Prague, 15 June 2004 (RFE/RL) -- A Muslim schoolgirl in the United Kingdom has lost her legal battle to wear full Islamic dress in class.
Fifteen-year-old Shabina Begum has not attended school since she was sent home from her north London high school in 2002 for wearing the jilbab, a full-length gown covering all of her body except her hands and face.
The school argues that the jilbab is not permitted under the school's dress code -- and that it poses a health and safety risk.
Begum took the case to court, arguing that she was being denied her right to education and religious expression.
But today, the High Court in London dismissed her case.
Judge Hugh Bennett said Begum always had the option of attending classes in clothes allowed under her school's dress code. That dress code allows girls to wear a shalwar kameez, consisting of trousers and a tunic, and a head scarf.
Today's ruling sparked anger among some Muslim groups.
Inayat Bunglawala is the spokesman for the Muslim Council of Britain: "Today's decision in the High Court was a very worrying and objectionable decision. The British Muslim community -- 1.6 million of them -- are a very diverse community, in terms of the interpretation and understanding of their faith, and also its practice. And within that broad spectrum, there are those who choose to wear the jilbab and consider it to be part of their faith's requirement for modest dress, and we believe that that should be respected."
The school -- where nearly nine out of 10 pupils are Muslim -- denies acting in a discriminatory manner. It says its uniform policy is flexible and takes into account all faiths and cultures.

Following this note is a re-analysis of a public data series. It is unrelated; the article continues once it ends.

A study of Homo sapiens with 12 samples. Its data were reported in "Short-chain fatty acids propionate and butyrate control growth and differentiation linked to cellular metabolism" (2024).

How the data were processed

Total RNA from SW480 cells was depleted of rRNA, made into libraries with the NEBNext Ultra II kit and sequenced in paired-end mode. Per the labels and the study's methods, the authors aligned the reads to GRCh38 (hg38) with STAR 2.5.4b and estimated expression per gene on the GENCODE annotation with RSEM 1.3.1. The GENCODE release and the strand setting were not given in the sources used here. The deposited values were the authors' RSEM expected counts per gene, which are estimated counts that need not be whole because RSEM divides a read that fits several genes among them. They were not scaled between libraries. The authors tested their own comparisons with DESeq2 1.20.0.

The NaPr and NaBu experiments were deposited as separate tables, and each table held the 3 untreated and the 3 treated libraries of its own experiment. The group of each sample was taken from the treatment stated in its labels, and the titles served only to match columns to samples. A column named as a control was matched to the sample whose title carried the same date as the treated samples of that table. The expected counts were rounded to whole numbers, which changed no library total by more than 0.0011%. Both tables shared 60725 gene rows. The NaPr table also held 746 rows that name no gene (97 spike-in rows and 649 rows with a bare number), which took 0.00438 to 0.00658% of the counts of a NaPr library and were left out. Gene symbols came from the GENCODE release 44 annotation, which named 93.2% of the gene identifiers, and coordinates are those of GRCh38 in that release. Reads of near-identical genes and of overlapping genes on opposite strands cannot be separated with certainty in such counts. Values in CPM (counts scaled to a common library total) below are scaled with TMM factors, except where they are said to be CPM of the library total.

It argues that allowing the jilbab might cause divisions among pupils, with those who wear traditional dress being seen as "better Muslims" than others.
Judge Bennett also called the school's dress code -- approved by the local council of mosques -- "balanced and proportionate."
But Bunglawala says the school could have been more inclusive.
"They certainly allowed the shalwar kameez and the hijab, which is fine, and many Muslim schoolgirls will fall within that band and agree to wear that dress. But there are some that will also want to wear the jilbab, and the school's definition didn't fit into that," Bunglawala says. "The fact is that other schools in Luton [north London] see no problem with wearing the jilbab."
Muslim groups are already unhappy with Britain's education system, which they recently branded Islamophobic. They called for Britain's 300,000 Muslim children to be offered exclusive Muslim schools and more single-sex teaching.
Begum's case has prompted comparisons with France, where Muslim head scarves and other religious symbols considered ostentatious will be banned from public schools as of September.
But Bunglawala says he does not see any parallels with the French ban.
"Here, the government has taken a far more realistic and flexible position and has reassured the Muslim community that the hijab will be protected and Muslim schoolgirls will not be deprived of their right to wear the head scarf in schools. I think just this particular school has taken exception to the wearing of the jilbab," Bunglawala says.
Begum's lawyer says she is considering whether to appeal.